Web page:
SIDEWALK AND YARD DEALS IN LITTLE SILVER

ls-sidewalk-saleIt’s sale central in Little Silver later this week. (Photo by Dustin Racioppi; click to enlarge)

By DUSTIN RACIOPPI

Noticing her neighbors in Fair Haven and Red Bank were finding success with bargain-based weekends, Lori Saybolt decided it was time for business and home owners in Little Silver to unify and get in on the action.

“Other towns have done it and I thought it’d be a great thing to model,” said Saybolt, who helps run the non-profit gift shop The Woman’s Exchange on Church StreetĀ  and is president of the borough’s business association. “It just creates a much more of a community experience, so we’re hoping to see a lot more people coming into town.”

Rather than havingĀ  the usual sidewalk and yard sales scattered on the calendar, Saybolt went to work pulling them all together for what’s to be the first borough-wide sale, a three-day affair chock full of deals and one ‘Done Good‘ cause.The event gets started Thursday morning with a downtown sidewalk sale.

While shoppers are taking advantage of specials, the Skin & Bones Day Spa, also on Church Street, will hold a bone marrow donor drive in memory of the late Bob Brummer, an Oceanport business owner and Little Silver resident who died of Leukemia in May. The event runs from 9 a.m. to 7:30 p.m.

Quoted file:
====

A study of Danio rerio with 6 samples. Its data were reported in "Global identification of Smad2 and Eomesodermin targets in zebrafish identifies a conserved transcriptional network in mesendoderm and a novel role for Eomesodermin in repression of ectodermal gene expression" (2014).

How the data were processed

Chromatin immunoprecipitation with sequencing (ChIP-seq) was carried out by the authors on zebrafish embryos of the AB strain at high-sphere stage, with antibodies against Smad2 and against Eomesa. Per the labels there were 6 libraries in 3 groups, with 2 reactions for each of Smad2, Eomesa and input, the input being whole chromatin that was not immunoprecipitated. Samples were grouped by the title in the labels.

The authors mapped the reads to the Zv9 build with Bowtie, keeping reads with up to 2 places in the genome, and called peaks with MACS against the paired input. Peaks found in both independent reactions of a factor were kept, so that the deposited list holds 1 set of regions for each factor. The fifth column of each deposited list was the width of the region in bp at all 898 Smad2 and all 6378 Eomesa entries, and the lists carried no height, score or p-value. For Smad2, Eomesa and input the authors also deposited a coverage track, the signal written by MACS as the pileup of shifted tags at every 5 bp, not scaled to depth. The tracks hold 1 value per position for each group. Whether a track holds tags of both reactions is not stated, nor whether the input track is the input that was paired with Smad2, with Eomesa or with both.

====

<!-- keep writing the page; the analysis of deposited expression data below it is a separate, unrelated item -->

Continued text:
The sale continues Friday and Saturday and includes all downtown businesses, even ones without brick-and-mortar spaces, Saybolt said.

“Anybody without a storefront is welcome to come and bring pamphlets or talk about their businesses,” she said. “That’s what we do in the business association, is we try to help each other out.”

On Saturday only, the borough will hold a townwide yard sale. Registration permits are $5 and can be obtained at borough hall.

The combined sales will be a gauge for future events in town, Saybolt said. Since the business association was started three years ago, it had held random sidewalk sales while residents put together their own rummage days throughout the year. This, she said, may be the first of many collaborative efforts to come.

“We’re hoping whatever it is, it will be successful and then it’ll grow from there,” Saybolt said.